I have been keeping an eye out for the Pied Wagtail Motacilla alba yarelli, since I first noticed the roosting flock a few years ago  At the time I confess to smirking. You see the designers of the steel and glass symphony that is London Heathrow Airport’s Terminal 5, included a few trees to welcome visitors to our “green and pleasant land”, but at the same time, wanted to avoid the kind of window smudges that come from providing habitat for birds.

So they planted, wait for it… “bird-proof trees.” If anyone levelled the complaint against me that I write this in a mocking tone, I would hold up my hands, then point and laugh.

The Pied Wagtail is the British form of the White Wagtail and used to roost on the site before the airport terminal was built. Their collective memory drew them back and they found overnight space on the wires of cranes and scaffolding during construction and later found the trees that had been so carefully selected for their bird-unfriendliness. It was most amusing to see them, in their thousands, defying the designers and covering the area in little, white victory dots.

But this year I feared that the designers might have got their own back. The bird-proofing consists of shaping the tree through specialised pruning to encourage upwards, not outwards growth. This makes for vertical branches which are uncomfortable to roost on. In spring of this year, the trees were brutally pruned, leaving none of the thin whippy branches that the tiny-toed wagtails like. Could this be the end for the terminal 5 wagtails?

During the warmer months, the wagtails break up into small flocks and roost out in the surrounding area. They only congregate in larger flocks as the nights draw in and the cold starts to bite. Typically from October through to March there are birds in the roost at T5, but as the summer progressed, I was worried that the trees would not recover enough shoots to cater for the roosting needs of 3000+ birds.

September came and went with no birds. In October, I found myself passing through the airport at dusk and a handful of wagtails were strutting around the carpark, but not dropping into the trees as they normally would. At last, on a cold December morning, our plane landed before dawn and I passed the trees before the wagtails had started moving from their roost. The trees were full! Where they had previously only used half of the trees, the ones at the northern end, now with space reduced, they had to use all of them.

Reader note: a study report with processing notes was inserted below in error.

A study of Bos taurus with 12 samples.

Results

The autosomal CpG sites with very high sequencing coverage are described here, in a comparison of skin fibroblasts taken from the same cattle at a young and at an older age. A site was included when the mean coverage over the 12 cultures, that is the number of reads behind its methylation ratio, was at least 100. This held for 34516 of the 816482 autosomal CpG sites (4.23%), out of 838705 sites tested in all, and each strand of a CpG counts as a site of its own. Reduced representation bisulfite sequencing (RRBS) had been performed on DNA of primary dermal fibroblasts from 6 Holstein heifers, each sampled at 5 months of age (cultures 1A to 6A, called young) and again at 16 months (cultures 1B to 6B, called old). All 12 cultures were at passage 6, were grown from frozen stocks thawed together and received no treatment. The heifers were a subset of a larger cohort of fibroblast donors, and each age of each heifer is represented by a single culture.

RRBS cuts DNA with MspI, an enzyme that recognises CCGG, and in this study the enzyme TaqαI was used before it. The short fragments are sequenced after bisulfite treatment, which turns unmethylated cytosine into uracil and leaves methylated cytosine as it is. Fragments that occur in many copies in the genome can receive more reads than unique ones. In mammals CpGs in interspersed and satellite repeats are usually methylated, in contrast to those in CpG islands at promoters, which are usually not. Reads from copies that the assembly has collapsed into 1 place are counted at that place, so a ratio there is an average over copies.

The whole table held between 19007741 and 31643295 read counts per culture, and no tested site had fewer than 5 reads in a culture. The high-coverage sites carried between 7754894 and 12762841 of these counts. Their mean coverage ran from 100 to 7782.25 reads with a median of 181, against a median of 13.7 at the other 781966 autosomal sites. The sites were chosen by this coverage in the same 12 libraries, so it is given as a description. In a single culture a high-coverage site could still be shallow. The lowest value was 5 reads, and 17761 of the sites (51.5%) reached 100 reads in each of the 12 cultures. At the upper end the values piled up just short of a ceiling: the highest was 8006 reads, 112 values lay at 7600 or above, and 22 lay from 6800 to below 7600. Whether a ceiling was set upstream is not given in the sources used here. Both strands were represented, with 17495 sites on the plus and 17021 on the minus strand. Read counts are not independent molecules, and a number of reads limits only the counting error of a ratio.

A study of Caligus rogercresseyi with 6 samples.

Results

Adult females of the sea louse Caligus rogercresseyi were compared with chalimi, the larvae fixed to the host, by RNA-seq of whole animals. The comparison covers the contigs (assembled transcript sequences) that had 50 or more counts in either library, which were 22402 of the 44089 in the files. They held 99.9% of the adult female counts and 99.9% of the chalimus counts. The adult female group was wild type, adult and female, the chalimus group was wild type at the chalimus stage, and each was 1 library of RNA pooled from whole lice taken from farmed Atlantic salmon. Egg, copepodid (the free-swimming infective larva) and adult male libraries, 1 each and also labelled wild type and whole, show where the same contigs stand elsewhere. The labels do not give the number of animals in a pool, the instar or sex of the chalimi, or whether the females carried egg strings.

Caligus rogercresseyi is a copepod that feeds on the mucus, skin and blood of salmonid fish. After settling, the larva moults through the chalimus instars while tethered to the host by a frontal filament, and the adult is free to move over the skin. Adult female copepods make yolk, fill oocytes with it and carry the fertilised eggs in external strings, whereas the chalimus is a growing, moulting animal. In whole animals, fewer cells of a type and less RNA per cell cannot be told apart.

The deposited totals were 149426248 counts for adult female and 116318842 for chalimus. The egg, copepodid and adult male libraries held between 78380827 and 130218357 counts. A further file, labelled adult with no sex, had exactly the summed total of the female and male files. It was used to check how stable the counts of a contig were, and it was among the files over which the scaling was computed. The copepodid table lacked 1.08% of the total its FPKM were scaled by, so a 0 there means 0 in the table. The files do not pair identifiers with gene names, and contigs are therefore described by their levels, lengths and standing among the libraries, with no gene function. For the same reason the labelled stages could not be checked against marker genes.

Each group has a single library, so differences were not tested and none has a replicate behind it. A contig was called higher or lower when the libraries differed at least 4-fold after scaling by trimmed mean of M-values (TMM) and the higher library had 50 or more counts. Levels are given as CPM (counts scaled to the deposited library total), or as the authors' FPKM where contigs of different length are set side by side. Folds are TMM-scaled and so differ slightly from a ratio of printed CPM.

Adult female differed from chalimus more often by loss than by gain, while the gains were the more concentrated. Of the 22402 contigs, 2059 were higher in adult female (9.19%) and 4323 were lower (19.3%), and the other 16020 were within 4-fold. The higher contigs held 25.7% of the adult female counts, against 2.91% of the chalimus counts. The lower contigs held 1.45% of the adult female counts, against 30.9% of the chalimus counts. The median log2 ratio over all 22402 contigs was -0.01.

Their individual weights may be tiny, but combined, it was enough to cause the springy branches to droop and make a much more comfortable roosting place.

Hurray, Wagtails 3000 – Heathrow Designers 0.

OK, so I have had my fun at the expense of the airport authorities. I suspect that somewhere in the heartless, beaurocratic, profit-driven business that is air travel, there is a rebellious soul that also watches over the wagtails. Someone who pruned the trees in early spring, knowing that the new growth would provide springy shoots that the wagtails could grip. Maybe it was the same person that hung large, inert decorations from the lowest branches this Christmas, instead of festooning the upper reaches with flashing lights as had been the case in previous years. Hopefully, I will meet this person one day and with his or her help, the wagtails will always have somewhere to roost.

If you find yourself with a few minutes to spare, register with the BBC and listen to their “Tweet of the Day”. This is an unexpectedly popular slice of BBC Radio 4 which features birdsong for a few moments each day. Enjoy.

Redgannet has been working for over 33 years as a crew member/flight attendant and enjoys the well-ventilated air of the outdoors. The nom de blog, Redgannet, was adopted to add an air of mystery and to make himself more attractive to women. His father first whetted Redguga's appetite for all things natural by buying him his first pair of 7x35s and a copy of Thorburn's Birds. Having no mentor beyond an indulgent parent, he spent the first season hoping for an Egyptian Vulture at the bird table in his English garden. His most memorable birding moment is seeing an Egyptian Vulture with those same binoculars 26 years later. Redgannet is married to Canon, but his heart and half of his house belongs to Helen and their son Joseph. He is looking forward to communicating with people who don't ask if he is searching for the "feathered variety" of bird.